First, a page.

Many blue-collar workers are riding into 2024 on a year’s worth of stronger hiring, more plentiful job opportunities and faster pay growth than some of their white-collar counterparts.
After two years of rapid growth, the United States’ job market is finally slowing down as 2023 draws to a close, but Americans broadly continue to benefit from its strengths. Unemployment clocked in at 3.7% last month, the 22nd straight month when the jobless rate has held below 4%.
People also appear to be working or looking for jobs at higher levels than before the pandemic, with 83.3% of those between the prime ages of 25 to 54 participating in the labor force.
But with job gains slowing from an average of 399,000 a month over the course of last year to 232,000 so far this year, workers’ historic surge in bargaining power during the post-pandemic rebound is now on the wane. A top culprit: higher interest rates from the Federal Reserve meant to quell inflation, which peaked in summer 2022 above 9% and is now hovering around 3%.
Many white-collar employers have cut down on hiring this year. The tech sector has seen some of the sharpest pullback — and deepest layoffs — after correcting for a pandemic-era glut and adapting to higher interest rates that have made corporate borrowing costs much higher.
For jobs in software development and IT operations, Indeed data shows there are fewer postings now than there were before the pandemic. Job postings for manufacturing roles, however, are up a whopping 46%.
It’s been a much starker pullback in white-collar, traditional office jobs.
Nick Bunker, Director of economic research at the Indeed Hiring Lab
“It’s been a much starker pullback in white-collar, traditional office jobs,” said Indeed Hiring Lab Director of Economic Research Nick Bunker.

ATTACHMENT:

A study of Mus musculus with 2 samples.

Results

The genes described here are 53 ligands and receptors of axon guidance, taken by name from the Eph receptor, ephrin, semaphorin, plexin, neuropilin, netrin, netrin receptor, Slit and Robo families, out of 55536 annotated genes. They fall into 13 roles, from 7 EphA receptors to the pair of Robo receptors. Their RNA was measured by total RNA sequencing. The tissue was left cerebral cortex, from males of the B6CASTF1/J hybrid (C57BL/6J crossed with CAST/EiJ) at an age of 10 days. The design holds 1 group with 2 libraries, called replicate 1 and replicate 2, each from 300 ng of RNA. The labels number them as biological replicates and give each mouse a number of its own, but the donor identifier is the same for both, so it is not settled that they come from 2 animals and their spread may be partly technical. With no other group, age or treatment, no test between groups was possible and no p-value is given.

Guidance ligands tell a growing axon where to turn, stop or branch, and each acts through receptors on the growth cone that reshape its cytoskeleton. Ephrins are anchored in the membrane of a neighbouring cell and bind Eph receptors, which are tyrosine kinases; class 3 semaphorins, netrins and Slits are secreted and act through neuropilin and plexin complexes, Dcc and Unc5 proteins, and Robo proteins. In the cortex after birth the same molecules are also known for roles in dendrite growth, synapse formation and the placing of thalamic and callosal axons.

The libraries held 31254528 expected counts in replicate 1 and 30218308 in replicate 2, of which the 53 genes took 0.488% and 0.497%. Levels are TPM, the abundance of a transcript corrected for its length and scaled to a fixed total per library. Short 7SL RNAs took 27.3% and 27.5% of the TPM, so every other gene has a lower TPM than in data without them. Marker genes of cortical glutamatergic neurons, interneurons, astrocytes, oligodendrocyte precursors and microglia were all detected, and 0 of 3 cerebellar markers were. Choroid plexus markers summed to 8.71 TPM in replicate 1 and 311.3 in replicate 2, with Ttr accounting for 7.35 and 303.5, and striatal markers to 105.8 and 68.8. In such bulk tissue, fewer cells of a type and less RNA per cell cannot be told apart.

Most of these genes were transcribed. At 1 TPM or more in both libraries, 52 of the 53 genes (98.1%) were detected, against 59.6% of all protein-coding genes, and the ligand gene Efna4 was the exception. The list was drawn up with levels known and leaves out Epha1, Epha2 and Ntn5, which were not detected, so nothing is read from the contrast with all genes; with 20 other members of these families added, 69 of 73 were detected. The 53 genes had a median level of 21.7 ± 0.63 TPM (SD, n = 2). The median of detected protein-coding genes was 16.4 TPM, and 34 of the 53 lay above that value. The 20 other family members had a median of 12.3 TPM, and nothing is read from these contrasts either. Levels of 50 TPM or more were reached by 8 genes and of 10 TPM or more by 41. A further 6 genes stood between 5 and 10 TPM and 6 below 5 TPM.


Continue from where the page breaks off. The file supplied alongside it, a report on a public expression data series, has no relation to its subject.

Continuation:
The divide also shows up in job postings by work arrangements, where work-from-home roles tend to be concentrated in white-collar jobs compared to more hands-on blue-collar work. Indeed data shows fewer job postings now than pre-pandemic for highly remote jobs, whereas those for more in-person roles remain above pre-pandemic levels.
In another sign of the blue-collar workforce’s comparative strength, people with the least education have seen some of the steepest growth in employment levels. Those without a high school degree saw a 5.7% jump this year, well above the national average of 1.1% employment growth.
Their rebound makes up some of the shortfall suffered during the pandemic, when workers who didn’t graduate high school saw some of the worst job losses. Bachelor’s degree holders maintain their long-running edge in employment levels despite slower recent gains.
Overall, workers are making more than they did a year ago.
Largely blue-collar fields like manufacturing have seen faster average hourly earnings growth in 2023 than many primarily white-collar categories like business and professional services. And many blue-collar workers’ pay gains continue to outpace inflation — which hasn’t been the case for some white-collar professionals this year.
In the mining and logging sector, for example, wages grew by 4.2% over 2023. Pay for information-based roles has risen by only 2.3% this year.
Of course, many blue-collar jobs are lower paid than white-collar ones, so faster wage gains may not narrow the earnings gap substantially between the two groups. What’s more, lower earners typically have less savings to endure rising prices than do higher earners, meaning the economic picture likely remains more difficult for blue-collar workers — even those landing raises and promotions.
Still, Bunker says labor market trends remain largely positive for lower-earning households heading into next year.
“Wage inequality has come down over the past few years because that bottom distribution has done relatively well,” he said.